Today we headed out of Slovenia and into Croatia for the first time.Our first stop was to be Plitvice Lakes, “declared a National Park in 1949” [the blurb said].
A new Country is always quite exciting. This really did feel like a new country because we actually drove through a border control with barriers and armed guards to whom Milan, our guide, had to show our passports. We didn’t get a stamp, though. We were also swapping our familiar Euros (used in Slovenia) for the Kuna of Croatia. The exchange rate on my beer money is pretty easy to deal with being about 10:1 [Kuna:Pounds]. Also, I don’t have to learn a new word for beer, which remains pivo, even though Croatian differs somewhat from Slovene, according to our guide, Milan, who, of course, speaks both.
I’m forming the opinion that it’s not only the language that differs somewhat. The other thing that differs somewhat is my mental expectations of destinations on a “Wildlife Tour” compared to the reality of some of those planned by Ecotours, in this instance. The reality of Plitvice Lakes began to dawn in our minibus when, nattering to Milan in the front passenger seat, he expressed the opinion that this destination would not have featured on his hit list. Hmmm? Milan, I should explain, is an independent ecologist contracted by Ecotours as our guide. Reality rose higher in the sky as our minibus turned into a large barrier controlled car park for the second day. Again, we went through ticket controlled entry with further hordes of humanity. I’m used to Yosemite being crowded in the States, though, so perhaps it’s my expectations of a National Park that need adjusting. Here’s the alarm bell small print about these lakes.
… is situated between high forested mountains in which lies, one below another, a string of sixteen beautiful lakes and tarns of crystal blue-green colour. They are fed by many small streams and brooks and spill into each other in foaming cascades and thundering waterfalls.
There’s your Joe Public magnet. The development for Joe Public was extensive and a verging on the Disney-esque, featuring miles of well-constructed boardwalks to get us out along our route, complete with queues to get onto electric boat rides followed by Mercedes-powered road trains to bring us most of the way back. The remainder of the return journey was left to Shanks’s Pony. Every metre of the boardwalk seemed to be taken up by the constantly streaming hordes of Joe Public whose idea of wildlife stopped at Mallard. Nonetheless, it was quite pretty in the fine weather. 🙂 We set out along the boardwalk.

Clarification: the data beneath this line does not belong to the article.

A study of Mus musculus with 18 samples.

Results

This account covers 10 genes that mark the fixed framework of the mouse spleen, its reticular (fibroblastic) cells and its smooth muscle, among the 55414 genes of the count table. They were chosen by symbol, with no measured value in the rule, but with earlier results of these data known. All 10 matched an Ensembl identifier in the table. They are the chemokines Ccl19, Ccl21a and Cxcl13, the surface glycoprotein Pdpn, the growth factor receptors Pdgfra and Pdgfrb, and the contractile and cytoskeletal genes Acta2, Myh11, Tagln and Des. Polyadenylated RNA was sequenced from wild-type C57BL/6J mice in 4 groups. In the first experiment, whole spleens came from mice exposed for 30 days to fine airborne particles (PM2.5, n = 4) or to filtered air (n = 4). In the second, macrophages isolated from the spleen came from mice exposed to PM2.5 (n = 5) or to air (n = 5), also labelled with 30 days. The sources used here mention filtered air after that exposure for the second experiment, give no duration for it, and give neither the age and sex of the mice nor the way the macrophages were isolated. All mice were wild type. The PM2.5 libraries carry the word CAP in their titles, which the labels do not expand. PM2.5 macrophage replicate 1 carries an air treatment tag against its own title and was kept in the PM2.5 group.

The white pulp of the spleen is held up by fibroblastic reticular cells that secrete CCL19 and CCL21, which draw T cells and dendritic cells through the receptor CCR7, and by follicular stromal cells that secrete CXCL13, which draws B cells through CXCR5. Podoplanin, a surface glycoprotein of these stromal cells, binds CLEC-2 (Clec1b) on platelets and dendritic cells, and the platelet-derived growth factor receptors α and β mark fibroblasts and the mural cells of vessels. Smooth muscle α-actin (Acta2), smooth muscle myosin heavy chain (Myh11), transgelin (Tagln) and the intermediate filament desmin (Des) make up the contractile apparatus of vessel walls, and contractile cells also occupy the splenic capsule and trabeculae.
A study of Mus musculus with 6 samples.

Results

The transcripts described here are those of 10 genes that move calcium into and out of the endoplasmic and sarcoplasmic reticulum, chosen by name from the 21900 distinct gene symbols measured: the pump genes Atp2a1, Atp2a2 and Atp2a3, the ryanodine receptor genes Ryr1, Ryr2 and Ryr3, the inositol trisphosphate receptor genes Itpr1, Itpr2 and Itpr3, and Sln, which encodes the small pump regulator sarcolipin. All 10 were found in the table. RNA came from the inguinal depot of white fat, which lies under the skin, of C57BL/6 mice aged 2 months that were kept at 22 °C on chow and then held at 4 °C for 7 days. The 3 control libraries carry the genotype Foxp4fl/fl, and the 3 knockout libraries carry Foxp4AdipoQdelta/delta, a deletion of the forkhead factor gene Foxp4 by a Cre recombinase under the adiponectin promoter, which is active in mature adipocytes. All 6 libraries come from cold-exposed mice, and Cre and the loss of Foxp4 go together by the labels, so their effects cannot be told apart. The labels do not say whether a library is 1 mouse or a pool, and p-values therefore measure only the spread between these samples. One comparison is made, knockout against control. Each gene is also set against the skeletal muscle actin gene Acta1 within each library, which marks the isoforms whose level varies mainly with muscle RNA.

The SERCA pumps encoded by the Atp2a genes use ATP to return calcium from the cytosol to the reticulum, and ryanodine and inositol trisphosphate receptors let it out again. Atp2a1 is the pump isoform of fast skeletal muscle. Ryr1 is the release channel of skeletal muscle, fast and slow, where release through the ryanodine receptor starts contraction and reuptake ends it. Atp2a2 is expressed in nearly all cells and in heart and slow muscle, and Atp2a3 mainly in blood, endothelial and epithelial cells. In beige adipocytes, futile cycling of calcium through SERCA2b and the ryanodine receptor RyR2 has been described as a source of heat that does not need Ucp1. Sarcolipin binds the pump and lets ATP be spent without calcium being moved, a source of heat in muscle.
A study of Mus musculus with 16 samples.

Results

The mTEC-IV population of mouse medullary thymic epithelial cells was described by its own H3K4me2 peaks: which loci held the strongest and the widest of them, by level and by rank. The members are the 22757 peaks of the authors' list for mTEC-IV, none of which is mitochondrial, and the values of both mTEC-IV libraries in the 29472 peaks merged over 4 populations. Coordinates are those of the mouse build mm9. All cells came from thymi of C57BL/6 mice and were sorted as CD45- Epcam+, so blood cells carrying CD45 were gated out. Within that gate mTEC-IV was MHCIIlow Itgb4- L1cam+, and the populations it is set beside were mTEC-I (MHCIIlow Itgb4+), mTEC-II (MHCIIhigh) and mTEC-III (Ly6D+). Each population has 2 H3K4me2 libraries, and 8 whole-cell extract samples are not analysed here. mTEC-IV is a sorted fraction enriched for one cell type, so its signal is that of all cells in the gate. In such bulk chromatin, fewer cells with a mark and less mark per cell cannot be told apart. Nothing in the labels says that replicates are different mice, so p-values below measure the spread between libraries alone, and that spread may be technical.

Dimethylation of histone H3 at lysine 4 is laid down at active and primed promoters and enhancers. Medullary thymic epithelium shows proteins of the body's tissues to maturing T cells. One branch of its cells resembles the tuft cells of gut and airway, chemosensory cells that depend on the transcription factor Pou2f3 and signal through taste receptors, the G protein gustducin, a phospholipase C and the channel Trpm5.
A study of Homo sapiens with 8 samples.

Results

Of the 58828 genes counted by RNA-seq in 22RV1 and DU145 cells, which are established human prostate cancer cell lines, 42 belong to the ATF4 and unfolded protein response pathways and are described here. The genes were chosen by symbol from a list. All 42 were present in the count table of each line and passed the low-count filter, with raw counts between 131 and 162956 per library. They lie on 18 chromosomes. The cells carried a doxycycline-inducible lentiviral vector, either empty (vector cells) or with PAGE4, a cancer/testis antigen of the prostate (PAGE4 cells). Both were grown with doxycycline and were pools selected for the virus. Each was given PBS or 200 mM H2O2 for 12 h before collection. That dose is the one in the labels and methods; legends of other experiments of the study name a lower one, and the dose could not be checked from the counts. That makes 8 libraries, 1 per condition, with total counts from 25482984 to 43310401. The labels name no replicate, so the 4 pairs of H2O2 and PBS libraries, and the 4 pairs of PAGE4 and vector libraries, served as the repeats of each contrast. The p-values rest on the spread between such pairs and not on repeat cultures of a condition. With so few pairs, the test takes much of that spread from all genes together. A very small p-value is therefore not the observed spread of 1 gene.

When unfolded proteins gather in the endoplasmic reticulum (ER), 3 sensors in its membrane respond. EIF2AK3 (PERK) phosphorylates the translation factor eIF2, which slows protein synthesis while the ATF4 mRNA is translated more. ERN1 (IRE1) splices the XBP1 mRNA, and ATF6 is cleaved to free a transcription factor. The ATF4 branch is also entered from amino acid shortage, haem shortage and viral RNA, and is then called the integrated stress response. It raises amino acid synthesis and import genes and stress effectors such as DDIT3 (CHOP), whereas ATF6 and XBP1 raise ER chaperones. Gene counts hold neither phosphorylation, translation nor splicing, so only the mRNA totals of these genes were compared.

With all this “crystal blue-green” water, there were dragonflies, so all was not lost. However, with the tens of thousands of tramping feet marching past on the boardwalk while one tried to snag a picture with a long lens atop a monopod, photographing them was rarely easy. Borrowing a popular term from the wider wildlife-spotting community, though, I was utterly thrilled to get my first “lifer” for some time. There, perched on a reed in a relatively accessible, albeit slightly more distant than I’d have liked (~3m away) position, was what I initially took to be a Brilliant Emerald (Somatochlora metallica). I excitedly snagged a couple of shots with the naked 400mm lens, then tried to add the 1.4X extender to bring it closer. Alas, it took flight before I was again ready but at least I had something. Brilliant Emerald was what I suspected we’d seen on day #1, constantly flying at Lake Bohinj. Subsequent later inspection of this individual, though, convinced me that this was an even greater prize (greater because Brilliant Emeralds occur at home), a Balkan Emerald (Somatochlora meridionalis).
Despite Joe Public, I got up to about 10 species of Odonata, including the always impressive Green-eyed Hooktail/Small Pincertail (Onychogomphus forcipatus), one of which posed fortuitously, so, a reasonable haul really.
I was not the only one less than overjoyed with our overly touristic venue; our butterfly enthusiast was also feeling like a fish out of “crystal blue-green” water. He did find some quarry at our lunch break with tables, bench seats, loos, cafeterias, gift shops, grass and trees, though. Our birder was also getting excited about a Lesser Spotted Woodpecker (Dendrocopos minor) flitting between the trees. So, not all bad, then. 😉
Escaping Joe Public and the national park, we continued our journey to our new Croatian accommodation. Somewhat frustratingly, since entering Croatia we’d been driving straight past numerous very inviting, extensively flower-strewn meadows that were clearly an absolute haven for wildlife. We’d also been driving through numerous war-torn Croatian villages, their buildings scarred by bullet marks and roofs missing sections from bombs or artillery shells. Frequently, the villages had field cemeteries nearby. It served as a stark reminder of recent European history, a reminder that reinforced our group’s collective disappointment at the UK’s (United?) EU referendum result that had been announced on the morning of our departure. If only we could escape from that Joe Public. Dream on!
Anyway, on a brighter note, Milan and Janos did find us another flower-strewn meadow to go hunting real wildlife. I joined forces with Mr. Butterfly and was extremely happy to find an artistically posed mating pair of Black-veined Whites (Aporia crataegi). A shot of a collection of hands, all holding different 6-legged critters, might serve do demonstrate the fun we were now all now having.
Our accommodation and pivo supplies for the remainder of our Croatian visit would be at Starigrad Paklenica.